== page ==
Governor Tom Wolf spent Tuesday morning touring Phoenix Contact USA, a manufacturing facility in Middletown, about 15 minutes from Harrisburg. The purpose of his visit was to reinforce the importance of the state’s apprenticeship program and PAsmart Initiative.

Last year, the Governor launched the PAsmart Initiative to boost apprenticeships and other job training opportunities. It’s seen as a win-win for both parties. Workers get proper training, and in turn, manufacturers gain skilled workers.

“The investments we’re making in apprenticeships and other forms of hands on, on the job training are already helping us to get more Pennsylvanians into careers that they can succeed in,” says Governor Wolf. “Let’s make sure that we’re doing everything we can to create skills and talents the industry actually needs. So that when someone graduates from a program, an educational program, there are actually jobs waiting for them,” he adds.

40 million dollars has been secured over the past two budgets to invest in job training. During his tour of Phoenix Contact USA, Governor Wolf spoke with many workers who went through an apprenticeship program instead of a traditional 2 or 4-year college. He says many people are graduating with a lot of debt, but with apprenticeships through the PAsmart initiative, workers are earning while learning.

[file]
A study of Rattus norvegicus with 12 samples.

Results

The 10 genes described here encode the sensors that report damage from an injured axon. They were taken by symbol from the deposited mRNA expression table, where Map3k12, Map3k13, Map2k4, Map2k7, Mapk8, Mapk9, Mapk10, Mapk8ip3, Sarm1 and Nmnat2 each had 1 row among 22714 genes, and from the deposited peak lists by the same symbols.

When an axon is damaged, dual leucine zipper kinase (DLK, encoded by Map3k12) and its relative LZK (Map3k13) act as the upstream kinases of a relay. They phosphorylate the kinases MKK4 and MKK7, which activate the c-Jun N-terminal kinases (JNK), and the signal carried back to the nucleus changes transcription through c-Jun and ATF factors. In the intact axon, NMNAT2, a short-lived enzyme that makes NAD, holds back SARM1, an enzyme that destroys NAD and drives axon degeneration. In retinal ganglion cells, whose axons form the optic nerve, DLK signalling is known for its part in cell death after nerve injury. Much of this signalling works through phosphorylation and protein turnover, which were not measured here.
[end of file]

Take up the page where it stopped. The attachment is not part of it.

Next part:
“One of the problems with so much of education today is that people graduate with a lot of debt. You don’t do that because you’re earning while you’re actually going to school,” explains Governor Wolf.

Daniel Koprowski is a mechatronics technician at Phoenix Contact USA. He went through the apprenticeship program after graduating from vocational school in York County. He says he chose that route over traditional college because of the opportunities he would be presented with.

“It gave me genuine job experience in the field that I was training for. So while classroom training is important, theory is still important, it all basically gets filtered down in practice,” Koprowski says.

Governor Wolf says he has a goal of increasing the number of workers going through apprenticeships and training after high school from the current 47 percent to 60 percent by 2025.